Opiate Detox

People who abuse or are addicted to opiate drugs such as heroin, codeine, and morphine are at risk for many serious side effects that range from dry mouth and a low sex drive to accidental overdose and problems with the lungs and heart.

These problems highlight the need to stop using opiates in a destructive manner. While an alternative rehab program like True Recovery’s can help people learn to stay away from opiates, people can face many complications prior to reaching that point.

The act of stopping the drug can be one of the largest challenges, as it may trigger intense withdrawal symptoms. These can be difficult to overcome and require one to detox from opiates under the care of a medical professional.

Opiate Detox Withdrawal Timeline

Within 12 hours of the last use of most opiates, one can start to develop the first symptoms of withdrawal. It is important that the family and friends of opiate users appreciate what their loved ones go through as they detox from opiates.

Additionally, people who are addicted to opiates should understand what to expect during detox. Opiates that have been chronically abused can cause withdrawal symptoms such as agitation, anxiety, insomnia, sweating, and muscle aches.

Withdrawal symptoms that turn up later can include abdominal cramping, vomiting, dilated pupils, and goosebumps.

When doctors at True Recovery’s detox center treat people who are in withdrawal, they must first make a diagnosis based on a physical exam.

This is important to confirm that one is actually in withdrawal, that there are no health concerns that could be problematic, and that an opiate was used. Once this has been determined, treatment may begin.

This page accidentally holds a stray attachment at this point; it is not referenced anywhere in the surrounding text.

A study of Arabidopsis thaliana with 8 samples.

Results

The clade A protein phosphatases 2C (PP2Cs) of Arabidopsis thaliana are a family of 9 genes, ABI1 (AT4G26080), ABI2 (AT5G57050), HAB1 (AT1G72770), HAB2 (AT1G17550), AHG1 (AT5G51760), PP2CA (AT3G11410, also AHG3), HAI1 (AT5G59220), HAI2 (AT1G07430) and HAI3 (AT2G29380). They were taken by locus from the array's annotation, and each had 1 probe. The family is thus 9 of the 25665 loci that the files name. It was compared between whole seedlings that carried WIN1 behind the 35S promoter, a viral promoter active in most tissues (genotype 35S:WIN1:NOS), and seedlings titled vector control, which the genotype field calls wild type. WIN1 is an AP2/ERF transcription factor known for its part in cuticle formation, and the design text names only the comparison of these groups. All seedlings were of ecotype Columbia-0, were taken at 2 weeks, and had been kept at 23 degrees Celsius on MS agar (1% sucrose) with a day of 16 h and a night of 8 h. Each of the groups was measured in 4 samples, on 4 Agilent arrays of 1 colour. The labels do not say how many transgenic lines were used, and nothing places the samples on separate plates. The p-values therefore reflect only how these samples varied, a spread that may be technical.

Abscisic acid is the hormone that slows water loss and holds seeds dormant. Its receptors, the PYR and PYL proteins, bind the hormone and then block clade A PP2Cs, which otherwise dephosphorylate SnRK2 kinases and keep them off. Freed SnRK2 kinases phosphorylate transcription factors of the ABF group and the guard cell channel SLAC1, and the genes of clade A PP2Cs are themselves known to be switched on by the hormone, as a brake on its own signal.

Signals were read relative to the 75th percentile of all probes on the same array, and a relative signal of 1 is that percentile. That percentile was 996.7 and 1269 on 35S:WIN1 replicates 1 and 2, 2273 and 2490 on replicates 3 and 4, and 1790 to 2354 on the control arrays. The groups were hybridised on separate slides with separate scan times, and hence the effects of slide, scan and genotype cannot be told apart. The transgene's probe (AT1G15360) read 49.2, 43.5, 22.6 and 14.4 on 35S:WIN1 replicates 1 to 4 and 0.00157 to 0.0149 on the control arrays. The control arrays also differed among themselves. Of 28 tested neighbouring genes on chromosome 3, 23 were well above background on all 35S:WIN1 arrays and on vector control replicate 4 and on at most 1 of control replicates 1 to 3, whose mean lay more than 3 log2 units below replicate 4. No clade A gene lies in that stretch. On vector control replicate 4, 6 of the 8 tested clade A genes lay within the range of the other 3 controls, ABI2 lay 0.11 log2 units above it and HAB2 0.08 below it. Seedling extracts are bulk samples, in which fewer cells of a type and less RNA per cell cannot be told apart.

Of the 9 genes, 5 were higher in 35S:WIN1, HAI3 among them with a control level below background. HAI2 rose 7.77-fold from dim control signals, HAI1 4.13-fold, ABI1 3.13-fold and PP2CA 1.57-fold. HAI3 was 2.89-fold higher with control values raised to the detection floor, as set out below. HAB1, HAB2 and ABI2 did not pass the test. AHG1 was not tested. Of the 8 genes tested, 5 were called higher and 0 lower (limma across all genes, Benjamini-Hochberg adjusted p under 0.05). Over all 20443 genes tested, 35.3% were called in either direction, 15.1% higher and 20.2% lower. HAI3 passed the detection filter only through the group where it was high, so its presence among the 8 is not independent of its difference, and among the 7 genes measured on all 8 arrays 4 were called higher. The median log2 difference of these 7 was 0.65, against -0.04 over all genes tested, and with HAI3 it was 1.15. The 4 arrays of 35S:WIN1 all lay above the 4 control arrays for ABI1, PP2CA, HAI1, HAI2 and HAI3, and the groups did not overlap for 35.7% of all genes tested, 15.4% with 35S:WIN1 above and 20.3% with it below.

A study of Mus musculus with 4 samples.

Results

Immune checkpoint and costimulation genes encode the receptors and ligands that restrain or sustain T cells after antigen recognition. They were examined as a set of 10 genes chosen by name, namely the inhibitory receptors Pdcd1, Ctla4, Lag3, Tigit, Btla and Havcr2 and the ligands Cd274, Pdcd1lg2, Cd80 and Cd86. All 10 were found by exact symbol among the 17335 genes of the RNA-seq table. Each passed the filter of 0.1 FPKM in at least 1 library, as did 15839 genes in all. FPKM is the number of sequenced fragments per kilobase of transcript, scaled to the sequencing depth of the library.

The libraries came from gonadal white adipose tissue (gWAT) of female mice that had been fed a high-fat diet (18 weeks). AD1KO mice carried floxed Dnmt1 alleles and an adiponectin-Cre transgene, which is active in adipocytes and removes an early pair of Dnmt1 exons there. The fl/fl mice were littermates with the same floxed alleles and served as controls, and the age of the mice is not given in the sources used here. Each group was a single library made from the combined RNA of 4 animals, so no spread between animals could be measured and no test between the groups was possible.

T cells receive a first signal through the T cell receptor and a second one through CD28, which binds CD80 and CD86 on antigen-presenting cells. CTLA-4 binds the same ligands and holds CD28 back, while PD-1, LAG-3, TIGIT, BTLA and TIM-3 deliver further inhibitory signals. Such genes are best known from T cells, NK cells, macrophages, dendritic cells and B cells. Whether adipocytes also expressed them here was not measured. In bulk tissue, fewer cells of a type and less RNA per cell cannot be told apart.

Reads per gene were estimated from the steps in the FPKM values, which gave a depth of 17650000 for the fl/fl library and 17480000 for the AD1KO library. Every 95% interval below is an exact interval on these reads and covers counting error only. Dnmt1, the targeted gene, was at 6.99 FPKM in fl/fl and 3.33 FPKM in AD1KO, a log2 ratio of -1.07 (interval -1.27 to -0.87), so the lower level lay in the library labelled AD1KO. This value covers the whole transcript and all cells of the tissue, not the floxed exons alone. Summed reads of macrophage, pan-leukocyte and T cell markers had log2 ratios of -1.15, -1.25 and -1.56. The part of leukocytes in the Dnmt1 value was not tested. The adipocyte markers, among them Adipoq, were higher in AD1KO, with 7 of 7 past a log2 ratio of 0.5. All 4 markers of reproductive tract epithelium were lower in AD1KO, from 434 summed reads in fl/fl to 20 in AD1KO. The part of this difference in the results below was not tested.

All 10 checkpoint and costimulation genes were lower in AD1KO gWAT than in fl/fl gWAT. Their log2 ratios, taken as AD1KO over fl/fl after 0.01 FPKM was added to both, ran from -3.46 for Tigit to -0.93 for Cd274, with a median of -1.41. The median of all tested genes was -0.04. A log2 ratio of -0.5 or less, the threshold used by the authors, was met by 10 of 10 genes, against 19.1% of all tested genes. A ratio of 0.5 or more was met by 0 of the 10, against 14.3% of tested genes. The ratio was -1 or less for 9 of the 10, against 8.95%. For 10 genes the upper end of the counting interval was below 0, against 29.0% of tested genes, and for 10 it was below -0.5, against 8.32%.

Opiate detox centers typically use medication to reduce the symptoms of withdrawal. The type of medication depends on the symptoms that one is having as well as their intensity.

Additionally, some medications may even shorten the length that it takes to detox. After one has completed their detox, opiates may still be tempting, putting one at risk of relapsing. In addition, one’s tolerance for the drug will have decreased, and this puts a person at risk for accidental overdose.

For this reason, it is important that one does not think of their time in detox as rehab. After completing detox, it is necessary to get to the root of your addiction at a treatment center such as True Recovery.

Getting Started

Following a successful detox, we will step in to make the transition from our detox facility to our main treatment facility as seamless as possible. We accept clients whether they have relapsed and need further time in rehab or they’ve finished detox for the first time.

True Recovery’s extended-care and sober living programs offer a safe, comfortable, and effective rehab experience.

We provide individualized care that’s designed to help our clients manage without opiates, discover their true calling in life, and set goals for their recovery and their future success.

Through addiction counseling and treatments that range from holistic to traditional, our clients are given all of the tools they need to control their cravings and live a drug-free life. Fill out our contact form or call today to speak with an admissions counselor.